The Changing Nature of Collocation: Physical vs. Virtual Teams (.PDF Download)

Nov. 22, 2017
The Changing Nature of Collocation: Physical vs. Virtual Teams (.PDF Download)

It is nearly impossible to wrap one's arms around the multitude of different aspects of how humans communicate with each other, never mind the dynamics of multiple people interacting over time to achieve a common goal. The crux of the problem lies in the five human senses: sight, sound, smell, taste, and touch. The sixth sense of intuition or perception is also in play.

Worrying about all this was never an issue until the dawn of globalization in the 1970s. People, for the most part, designed and built products either in the same facility or within a few hours drive of the necessary facilities. If a phone call wouldn't get the job done, you'd hop in your car and meet in person. Today, that's almost the last alternative we consider.

Physical Collocation: The benchmark study, and many still reference it, was the 1970s work of Thomas Allen at MIT. In his book, Managing the Flow of Technology, Allen examined the propensity of people to communicate with each other based on the distance of their physical separation. His work examined the interactions of people who were part of the same team versus those who were simply working for the same company but did not have a shared responsibility. Allen found that people who were seated more than 10 meters apart had only a 5% chance of meaningful interactions if they did not share a common task. If they did share a task, that figure rose to 15%. Needless to say, this concerned corporate leaders.

Office Layouts: Buildings were once designed with fixed office layouts and floor-to-ceiling partitions and corridors. It was a major project to rearrange the layout. Partition manufacturers, such as Westinghouse, Steelcase, and Herman Miller, quickly caught on to Allen's findings. To convince corporations to incur the significant costs of changing to modular designs, suppliers and corporations needed their own studies to justify the switching expense. AT&T's conclusion, made public in 1990, was that the "probability of communication decreased 80% when people are more than 50 yards apart.” Steelcase adopted the "50-foot rule"; if you shared an objective, then you should be within 50 feet of each other. Over the next 15 years, facilities around the globe were transformed to open layouts with only a few private offices and shared conference rooms.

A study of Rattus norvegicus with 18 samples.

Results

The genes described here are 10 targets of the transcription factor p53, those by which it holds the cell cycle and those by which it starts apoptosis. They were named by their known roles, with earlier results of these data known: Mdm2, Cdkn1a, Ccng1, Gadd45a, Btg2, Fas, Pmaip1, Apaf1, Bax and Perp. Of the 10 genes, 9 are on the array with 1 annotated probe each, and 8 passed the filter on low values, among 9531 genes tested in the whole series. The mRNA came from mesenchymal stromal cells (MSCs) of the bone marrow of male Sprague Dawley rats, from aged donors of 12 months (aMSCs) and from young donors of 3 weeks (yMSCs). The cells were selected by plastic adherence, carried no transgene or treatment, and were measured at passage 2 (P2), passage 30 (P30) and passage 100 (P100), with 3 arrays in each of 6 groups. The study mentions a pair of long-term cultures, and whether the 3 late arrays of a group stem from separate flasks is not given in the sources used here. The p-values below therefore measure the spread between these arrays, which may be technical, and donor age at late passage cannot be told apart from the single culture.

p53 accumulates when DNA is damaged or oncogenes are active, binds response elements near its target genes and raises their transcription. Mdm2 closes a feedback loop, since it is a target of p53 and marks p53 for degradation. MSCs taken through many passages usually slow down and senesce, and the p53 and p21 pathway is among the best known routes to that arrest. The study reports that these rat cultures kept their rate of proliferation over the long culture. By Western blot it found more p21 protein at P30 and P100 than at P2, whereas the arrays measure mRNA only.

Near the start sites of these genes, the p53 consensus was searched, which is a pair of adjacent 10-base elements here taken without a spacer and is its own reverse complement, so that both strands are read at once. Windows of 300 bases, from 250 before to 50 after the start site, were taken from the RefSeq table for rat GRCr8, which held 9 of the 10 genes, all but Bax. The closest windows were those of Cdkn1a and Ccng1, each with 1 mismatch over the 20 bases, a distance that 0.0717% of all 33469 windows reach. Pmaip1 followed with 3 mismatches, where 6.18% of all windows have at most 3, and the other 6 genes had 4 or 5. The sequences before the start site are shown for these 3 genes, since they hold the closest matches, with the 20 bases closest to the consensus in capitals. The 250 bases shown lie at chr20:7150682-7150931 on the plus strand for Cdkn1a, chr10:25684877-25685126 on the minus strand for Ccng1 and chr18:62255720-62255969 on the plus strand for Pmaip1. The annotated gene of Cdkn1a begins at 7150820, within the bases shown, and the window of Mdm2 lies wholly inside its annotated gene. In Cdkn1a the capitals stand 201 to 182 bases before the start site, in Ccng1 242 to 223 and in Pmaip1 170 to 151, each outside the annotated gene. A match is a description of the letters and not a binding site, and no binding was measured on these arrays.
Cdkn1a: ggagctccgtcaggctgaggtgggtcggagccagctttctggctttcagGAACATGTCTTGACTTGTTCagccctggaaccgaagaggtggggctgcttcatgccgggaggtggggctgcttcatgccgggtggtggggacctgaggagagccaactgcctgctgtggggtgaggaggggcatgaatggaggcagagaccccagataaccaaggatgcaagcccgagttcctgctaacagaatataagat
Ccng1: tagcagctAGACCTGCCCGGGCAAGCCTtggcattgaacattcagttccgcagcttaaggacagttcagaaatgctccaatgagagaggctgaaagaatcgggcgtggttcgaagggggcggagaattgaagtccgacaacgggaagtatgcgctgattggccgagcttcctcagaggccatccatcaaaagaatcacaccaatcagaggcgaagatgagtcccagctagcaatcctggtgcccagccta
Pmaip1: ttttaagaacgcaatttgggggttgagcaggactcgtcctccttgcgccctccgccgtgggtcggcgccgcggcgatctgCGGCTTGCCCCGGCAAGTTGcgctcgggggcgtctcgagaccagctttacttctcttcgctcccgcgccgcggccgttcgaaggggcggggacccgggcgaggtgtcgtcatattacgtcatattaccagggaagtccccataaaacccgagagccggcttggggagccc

Mobile & Conferencing Technology: The dust from office rearrangements had barely settled by the time email and personal cell phones had achieved full penetration. Video conferencing for groups had also come of age. It almost didn't matter any longer where one was located, individuals could communicate as necessary and groups could “meet” despite long distances. Suppliers of these enabling technologies continually lectured us that virtual was equivalent to physical, even though only two senses had been supplanted by technology—sight and sound. And for these, they were only at the instant of communication. One couldn't tell if someone was in the middle of something, nor if they were in a good situation to have meaningful communications.

Instant Media & Virtual Collocation: Here we are today. Every waking moment we are surrounded by media. There are monitors everywhere, hundreds of cable channels, thousands of ads, we all have several business and personal devices, and the world is now on the cusp of "augmented reality."